Related Terms


  • Hurler syndrome is a rare, inherited disorder in which a hereditary factor, or gene, is defective. The gene affected is one that controls production of an enzyme, called alpha-L-iduronidase. As a result, patients with Hurler syndrome typically experience developmental abnormalities, learning difficulties, intellectual disabilities, and various types of organ dysfunction.
  • Enzymes are proteins that bring about chemical reactions in the body. Alpha-L-iduronidase is the enzyme responsible for the breakdown of large, complex sugar molecules called glucosaminoglycans (formerly called mucopolysaccharides). Glucosaminoglycans are found in most of the body's tissues and organs. Like most substances in the body, they are continually produced and broken down in order to maintain constant levels in the body.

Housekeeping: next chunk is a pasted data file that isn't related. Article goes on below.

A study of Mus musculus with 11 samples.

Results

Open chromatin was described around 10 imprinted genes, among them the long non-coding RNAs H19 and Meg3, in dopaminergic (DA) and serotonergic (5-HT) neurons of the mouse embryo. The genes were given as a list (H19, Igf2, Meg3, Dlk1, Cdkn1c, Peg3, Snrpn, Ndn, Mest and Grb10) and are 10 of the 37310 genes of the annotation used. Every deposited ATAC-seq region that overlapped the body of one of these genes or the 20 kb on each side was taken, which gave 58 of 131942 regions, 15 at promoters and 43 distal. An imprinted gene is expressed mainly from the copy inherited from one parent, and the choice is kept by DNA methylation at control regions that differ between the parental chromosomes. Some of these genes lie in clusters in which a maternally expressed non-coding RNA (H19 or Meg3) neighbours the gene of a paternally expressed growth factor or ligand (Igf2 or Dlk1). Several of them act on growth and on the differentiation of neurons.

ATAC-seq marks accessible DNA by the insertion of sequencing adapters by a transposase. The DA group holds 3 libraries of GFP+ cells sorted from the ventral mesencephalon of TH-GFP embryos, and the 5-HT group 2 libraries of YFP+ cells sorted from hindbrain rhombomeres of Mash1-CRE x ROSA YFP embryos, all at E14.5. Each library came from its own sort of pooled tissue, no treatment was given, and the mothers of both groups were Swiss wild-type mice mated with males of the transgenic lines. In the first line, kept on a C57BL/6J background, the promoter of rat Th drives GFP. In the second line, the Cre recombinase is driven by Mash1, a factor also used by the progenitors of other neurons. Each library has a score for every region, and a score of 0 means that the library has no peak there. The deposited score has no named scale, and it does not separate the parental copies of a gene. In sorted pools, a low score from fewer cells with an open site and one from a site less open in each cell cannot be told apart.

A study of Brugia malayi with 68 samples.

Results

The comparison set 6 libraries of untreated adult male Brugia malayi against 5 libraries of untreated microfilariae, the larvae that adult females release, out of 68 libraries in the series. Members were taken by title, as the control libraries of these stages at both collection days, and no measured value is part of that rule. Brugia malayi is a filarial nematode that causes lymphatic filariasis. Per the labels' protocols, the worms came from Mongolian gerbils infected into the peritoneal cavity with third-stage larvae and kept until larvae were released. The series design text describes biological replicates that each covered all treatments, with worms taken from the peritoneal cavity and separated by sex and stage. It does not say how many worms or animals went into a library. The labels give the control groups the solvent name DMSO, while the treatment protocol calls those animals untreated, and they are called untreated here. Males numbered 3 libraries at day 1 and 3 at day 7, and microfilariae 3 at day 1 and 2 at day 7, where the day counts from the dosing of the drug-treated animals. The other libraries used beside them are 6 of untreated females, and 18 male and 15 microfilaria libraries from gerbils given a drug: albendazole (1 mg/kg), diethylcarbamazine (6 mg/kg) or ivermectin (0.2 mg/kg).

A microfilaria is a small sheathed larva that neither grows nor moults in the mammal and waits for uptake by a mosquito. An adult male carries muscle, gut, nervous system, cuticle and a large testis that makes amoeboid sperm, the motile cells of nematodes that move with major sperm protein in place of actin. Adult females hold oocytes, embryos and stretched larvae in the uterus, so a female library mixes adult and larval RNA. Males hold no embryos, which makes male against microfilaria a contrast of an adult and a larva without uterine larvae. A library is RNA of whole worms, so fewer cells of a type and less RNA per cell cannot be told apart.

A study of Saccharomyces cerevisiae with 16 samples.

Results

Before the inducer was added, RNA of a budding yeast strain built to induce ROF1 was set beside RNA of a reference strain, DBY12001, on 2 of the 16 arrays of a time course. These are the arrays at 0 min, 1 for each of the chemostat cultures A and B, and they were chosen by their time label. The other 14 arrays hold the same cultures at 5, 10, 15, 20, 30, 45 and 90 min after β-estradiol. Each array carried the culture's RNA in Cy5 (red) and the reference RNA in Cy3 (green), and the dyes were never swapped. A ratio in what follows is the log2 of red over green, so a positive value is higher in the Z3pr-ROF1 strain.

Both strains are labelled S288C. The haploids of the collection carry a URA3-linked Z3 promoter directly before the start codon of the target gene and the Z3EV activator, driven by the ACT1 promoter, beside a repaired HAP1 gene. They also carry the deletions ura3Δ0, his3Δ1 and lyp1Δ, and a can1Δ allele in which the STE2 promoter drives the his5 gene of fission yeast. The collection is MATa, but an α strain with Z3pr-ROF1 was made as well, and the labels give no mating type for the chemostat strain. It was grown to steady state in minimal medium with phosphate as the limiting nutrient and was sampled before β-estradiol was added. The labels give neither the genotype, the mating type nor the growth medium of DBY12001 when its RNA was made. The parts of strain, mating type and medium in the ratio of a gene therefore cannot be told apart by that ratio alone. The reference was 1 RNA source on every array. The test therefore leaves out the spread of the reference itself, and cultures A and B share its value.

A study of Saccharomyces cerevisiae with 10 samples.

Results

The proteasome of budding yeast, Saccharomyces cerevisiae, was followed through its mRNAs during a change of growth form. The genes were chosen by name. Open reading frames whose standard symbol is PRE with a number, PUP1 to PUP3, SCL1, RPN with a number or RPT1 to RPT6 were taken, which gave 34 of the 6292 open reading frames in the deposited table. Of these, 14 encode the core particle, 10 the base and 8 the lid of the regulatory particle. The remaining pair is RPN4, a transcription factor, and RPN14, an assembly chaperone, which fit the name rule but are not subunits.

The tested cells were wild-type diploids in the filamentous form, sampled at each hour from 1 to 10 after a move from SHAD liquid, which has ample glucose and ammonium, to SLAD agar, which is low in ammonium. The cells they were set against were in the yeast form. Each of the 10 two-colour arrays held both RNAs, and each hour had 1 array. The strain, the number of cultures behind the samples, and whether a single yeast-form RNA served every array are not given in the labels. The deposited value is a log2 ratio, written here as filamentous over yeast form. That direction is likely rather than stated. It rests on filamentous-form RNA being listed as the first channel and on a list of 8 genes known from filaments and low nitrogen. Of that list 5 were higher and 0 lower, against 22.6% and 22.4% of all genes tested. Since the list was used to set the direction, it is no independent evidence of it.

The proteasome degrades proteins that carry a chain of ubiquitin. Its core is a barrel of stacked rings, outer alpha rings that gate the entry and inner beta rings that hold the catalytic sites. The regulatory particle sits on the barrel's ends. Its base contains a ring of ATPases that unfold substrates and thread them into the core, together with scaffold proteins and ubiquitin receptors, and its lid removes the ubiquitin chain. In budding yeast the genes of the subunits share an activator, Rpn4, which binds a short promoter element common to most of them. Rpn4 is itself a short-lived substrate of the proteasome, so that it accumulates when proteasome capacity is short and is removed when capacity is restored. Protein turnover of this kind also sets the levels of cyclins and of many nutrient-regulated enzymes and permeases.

• Hurler syndrome is one of eleven disorders that are classified as mucopolysaccaharidoses (MPS). Different classes of MPS syndromes are categorized based on the specific enzyme deficiency involved in the complex chemical breakdown pathway of the glucosaminoglycans. Hurler syndrome is considered MPS type I.
  • Because patients with Hurler syndrome have defective alpha-L-iduronidase, glucosaminoglycans build up in abnormally large amounts throughout the body.











Natural Standard developed the above evidence-based information based on a thorough systematic review of the available scientific articles. For comprehensive information about alternative and complementary therapies on the professional level, go to www.naturalstandard.com. Selected references are listed below.